SIENA is a program for the statistical analysis of network data, with the focus on social networks.
Networks here are understood as entire (complete) networks, not as personal (egocentered) networks: it is assumed that a set of nodes (social actors) is given, and all ties (links) between these nodes are known – except perhaps for a moderate amount of missing data.
SIENA is designed for analyzing various types of data as dependent variables:

Longitudinal network data:
This refers to repeated measures of networks on a given node set (although it is allowed that there are some changes in the node set). Models can be specified with actor-oriented as well as tie-oriented dynamics.

Longitudinal data of networks and behavior:

This is like longitudinal network data, but in addition there are one or more changing nodal variables that are also treated as dependent variables, and referred to as behavior. The network will influence the dynamics of the behavior, and the behavior will influence the dynamics of the network. In other words, this is about the co-evolution of networks and behavior.

Cross-sectional network data.

‘Cross-sectional’ means that only one observation is available. This method uses exponential random graph models (‘ERGMs’), also called p* models.
The ERG model is implemented in SIENA version 3, but not any more in version 4 (RSiena).

The name SIENA stands for Simulation Investigation for Empirical Network Analysis.

The main approach used by SIENA for modeling dynamics of network (or of networks and behavior) is an actor-oriented model, in which it is assumed that the social actors who are represented by the nodes in the network play a crucial role in changing their ties to other actors; in the case of associated behavior dynamics, also in changing their behavior. All of these models are Markov chain models; such models are more applicable to relations and behavioral variables that can be regarded as states than to relations or behavior that are more adequately regarded as non-enduring events.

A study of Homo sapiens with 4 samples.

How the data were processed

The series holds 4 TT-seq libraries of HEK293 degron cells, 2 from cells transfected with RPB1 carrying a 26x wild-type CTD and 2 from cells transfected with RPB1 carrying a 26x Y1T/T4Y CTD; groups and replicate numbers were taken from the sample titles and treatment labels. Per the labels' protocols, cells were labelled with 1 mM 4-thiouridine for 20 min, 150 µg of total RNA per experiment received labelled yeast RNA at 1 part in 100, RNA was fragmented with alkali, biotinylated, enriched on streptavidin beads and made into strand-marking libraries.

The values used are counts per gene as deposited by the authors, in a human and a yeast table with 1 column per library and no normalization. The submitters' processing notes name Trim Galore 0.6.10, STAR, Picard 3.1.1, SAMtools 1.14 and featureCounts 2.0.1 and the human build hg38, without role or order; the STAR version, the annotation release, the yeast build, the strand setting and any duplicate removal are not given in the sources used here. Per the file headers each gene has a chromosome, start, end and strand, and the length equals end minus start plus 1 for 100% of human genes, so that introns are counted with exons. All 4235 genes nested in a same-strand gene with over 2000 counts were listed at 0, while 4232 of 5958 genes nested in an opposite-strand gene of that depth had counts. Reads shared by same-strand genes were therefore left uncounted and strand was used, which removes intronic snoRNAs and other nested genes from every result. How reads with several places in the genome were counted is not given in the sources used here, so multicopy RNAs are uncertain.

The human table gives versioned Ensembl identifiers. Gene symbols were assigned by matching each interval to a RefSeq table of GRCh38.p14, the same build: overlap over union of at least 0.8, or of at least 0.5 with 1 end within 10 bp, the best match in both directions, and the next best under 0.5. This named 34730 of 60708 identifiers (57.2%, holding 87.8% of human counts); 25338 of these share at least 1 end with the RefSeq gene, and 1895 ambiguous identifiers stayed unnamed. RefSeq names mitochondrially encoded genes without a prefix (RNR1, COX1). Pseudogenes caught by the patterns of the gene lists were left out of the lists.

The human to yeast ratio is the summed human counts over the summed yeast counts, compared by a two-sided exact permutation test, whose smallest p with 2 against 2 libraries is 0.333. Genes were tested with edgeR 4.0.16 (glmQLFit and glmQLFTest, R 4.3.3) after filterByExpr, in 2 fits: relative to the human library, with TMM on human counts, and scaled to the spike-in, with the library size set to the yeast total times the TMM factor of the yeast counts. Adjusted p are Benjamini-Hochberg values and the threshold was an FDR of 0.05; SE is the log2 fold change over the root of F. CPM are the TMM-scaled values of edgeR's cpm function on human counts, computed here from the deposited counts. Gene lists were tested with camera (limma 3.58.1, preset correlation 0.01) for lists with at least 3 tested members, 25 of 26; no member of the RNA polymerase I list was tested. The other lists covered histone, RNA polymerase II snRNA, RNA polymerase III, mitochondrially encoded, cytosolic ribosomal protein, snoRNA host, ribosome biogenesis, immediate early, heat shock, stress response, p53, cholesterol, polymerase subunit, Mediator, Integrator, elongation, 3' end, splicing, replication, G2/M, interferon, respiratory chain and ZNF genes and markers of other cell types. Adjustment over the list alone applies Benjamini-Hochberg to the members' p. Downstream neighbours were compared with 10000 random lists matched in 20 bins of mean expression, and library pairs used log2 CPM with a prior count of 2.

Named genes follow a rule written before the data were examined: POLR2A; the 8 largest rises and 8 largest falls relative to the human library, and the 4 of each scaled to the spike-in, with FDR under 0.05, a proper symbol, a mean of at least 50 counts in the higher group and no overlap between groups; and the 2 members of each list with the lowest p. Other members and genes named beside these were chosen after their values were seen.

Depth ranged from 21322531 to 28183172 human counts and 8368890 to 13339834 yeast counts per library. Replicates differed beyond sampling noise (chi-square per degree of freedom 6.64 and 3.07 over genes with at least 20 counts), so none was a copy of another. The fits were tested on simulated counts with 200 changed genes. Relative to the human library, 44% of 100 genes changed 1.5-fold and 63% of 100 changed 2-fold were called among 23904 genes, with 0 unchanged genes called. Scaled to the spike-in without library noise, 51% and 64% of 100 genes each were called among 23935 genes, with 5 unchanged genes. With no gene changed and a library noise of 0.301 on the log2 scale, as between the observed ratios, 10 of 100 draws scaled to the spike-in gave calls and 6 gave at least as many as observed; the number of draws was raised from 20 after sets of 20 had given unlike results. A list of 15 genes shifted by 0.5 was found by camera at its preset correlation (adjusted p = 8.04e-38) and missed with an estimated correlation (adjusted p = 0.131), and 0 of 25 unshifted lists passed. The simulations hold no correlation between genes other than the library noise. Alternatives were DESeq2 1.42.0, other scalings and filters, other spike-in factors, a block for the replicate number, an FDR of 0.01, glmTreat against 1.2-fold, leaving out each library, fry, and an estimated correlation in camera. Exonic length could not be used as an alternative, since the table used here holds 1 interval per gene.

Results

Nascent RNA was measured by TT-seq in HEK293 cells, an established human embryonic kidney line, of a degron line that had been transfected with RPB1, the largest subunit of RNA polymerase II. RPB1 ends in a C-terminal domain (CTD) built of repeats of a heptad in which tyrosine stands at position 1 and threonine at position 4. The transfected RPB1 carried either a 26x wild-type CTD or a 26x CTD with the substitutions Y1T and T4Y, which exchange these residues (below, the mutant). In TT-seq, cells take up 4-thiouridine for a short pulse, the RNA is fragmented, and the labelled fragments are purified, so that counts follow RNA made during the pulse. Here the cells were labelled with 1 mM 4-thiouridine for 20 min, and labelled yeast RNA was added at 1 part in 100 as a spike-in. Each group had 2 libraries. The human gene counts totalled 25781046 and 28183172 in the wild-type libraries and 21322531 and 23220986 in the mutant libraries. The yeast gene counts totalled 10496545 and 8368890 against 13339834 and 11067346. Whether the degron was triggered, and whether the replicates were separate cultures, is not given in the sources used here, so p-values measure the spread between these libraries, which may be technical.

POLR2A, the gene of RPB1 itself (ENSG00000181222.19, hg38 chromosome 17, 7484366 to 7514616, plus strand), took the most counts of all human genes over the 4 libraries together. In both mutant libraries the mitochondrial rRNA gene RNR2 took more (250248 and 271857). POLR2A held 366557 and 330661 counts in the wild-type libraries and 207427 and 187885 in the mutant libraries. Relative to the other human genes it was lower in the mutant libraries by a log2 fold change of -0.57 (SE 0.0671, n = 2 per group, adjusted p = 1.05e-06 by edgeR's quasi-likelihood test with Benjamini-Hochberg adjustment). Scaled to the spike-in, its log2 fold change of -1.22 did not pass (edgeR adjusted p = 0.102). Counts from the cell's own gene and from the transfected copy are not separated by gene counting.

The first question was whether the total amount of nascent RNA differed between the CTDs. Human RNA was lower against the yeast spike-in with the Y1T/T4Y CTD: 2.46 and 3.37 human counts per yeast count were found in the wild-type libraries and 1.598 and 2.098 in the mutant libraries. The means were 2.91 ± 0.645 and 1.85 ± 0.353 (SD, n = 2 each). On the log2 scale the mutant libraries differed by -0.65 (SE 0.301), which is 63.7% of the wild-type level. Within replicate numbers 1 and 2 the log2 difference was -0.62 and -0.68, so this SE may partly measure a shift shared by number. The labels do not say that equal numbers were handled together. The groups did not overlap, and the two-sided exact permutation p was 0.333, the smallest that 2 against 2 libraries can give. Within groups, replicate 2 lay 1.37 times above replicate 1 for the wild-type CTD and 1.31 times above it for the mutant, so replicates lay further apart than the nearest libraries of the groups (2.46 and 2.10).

The statistical analysis in SIENA is done on the basis of computer simulation of the network. This can be time consuming. In view of the detailed approach to network dynamics and the required computing resources, the method is applicable in principle to networks on approximately 10 to 1,000 nodes.

A scientific summary is given below. The methods implemented in SIENA are described in the papers given in the webpage with literature. Some further articles with applications are given in the webpage with further applications. The program is obtained as a package within Rand the extensive manual is downloadable here.

There exists a User Group for Siena and StOCNET to exchange information and seek technical advice on using the Siena and StOCNET software to analyze network data.
The address is

SIENA version 4 is also called RSiena, a contributed package for the R statistical system, which can be downloaded from
The incorporation of RSiena in R makes available all other possibilities offered by R; in particular, to execute R in a Mac or Unix/Linux environment. Further information on RSiena is on the RSiena page.

The transition from the Windows-based SIENA 3 to the R-based, multi-platform SIENA 4, also called RSiena, is complete since Summer 2011, in the sense that practically all longitudinal functionalities of SIENA 3 have been implemented for SIENA 4; since then, many new functionalities have been added, and this is still going on.

The SIENA 3 program also contains methods for analyzing Exponential Random Graph Models (ERGMs). For the latter methods, users now are referred to the standalone program pnet or the R package statnet, although the old SIENA version 3 still is available for those who wish to use it.
Further work on the StOCNET interface is discontinued.

Known bugs and new papers are given at the news webpage.

The SIENA program is part of an ongoing research effort. The research team is composed of Tom SnijdersChristian SteglichJohan KoskinenJosh Lospinoso, Charlotte Greenan, Nynke Niezink, and Christoph Stadtfeld, with earlier contributions from Ruth Ripley, Krists Boitmanis, Paulina Preciado, Michael SchweinbergerMark Huisman, and Marijtje van Duijn. Current research projects are given at theresearch projects webpage. Courses and a user group are mentioned at the activities webpage.

SIENA version 3 was written in Delphi, for use under Windows. For those who still wish to use Siena 3 it is strongly advised to use the most recent version. This can be downloaded from the downloads page.

The SIENA 3 program can be executed in two ways. Many people find it convenient to execute it from the StOCNET environment. It is also possible to execute SIENA 3 as a stand alone program. The StOCNET project was an activity of Christian Steglich, Tom Snijders, andSciencePlus (Minne Oostra), with important earlier contributions from Evelien Zeggelink, Peter Boer, Bert Straatman, Mark Huisman, and others.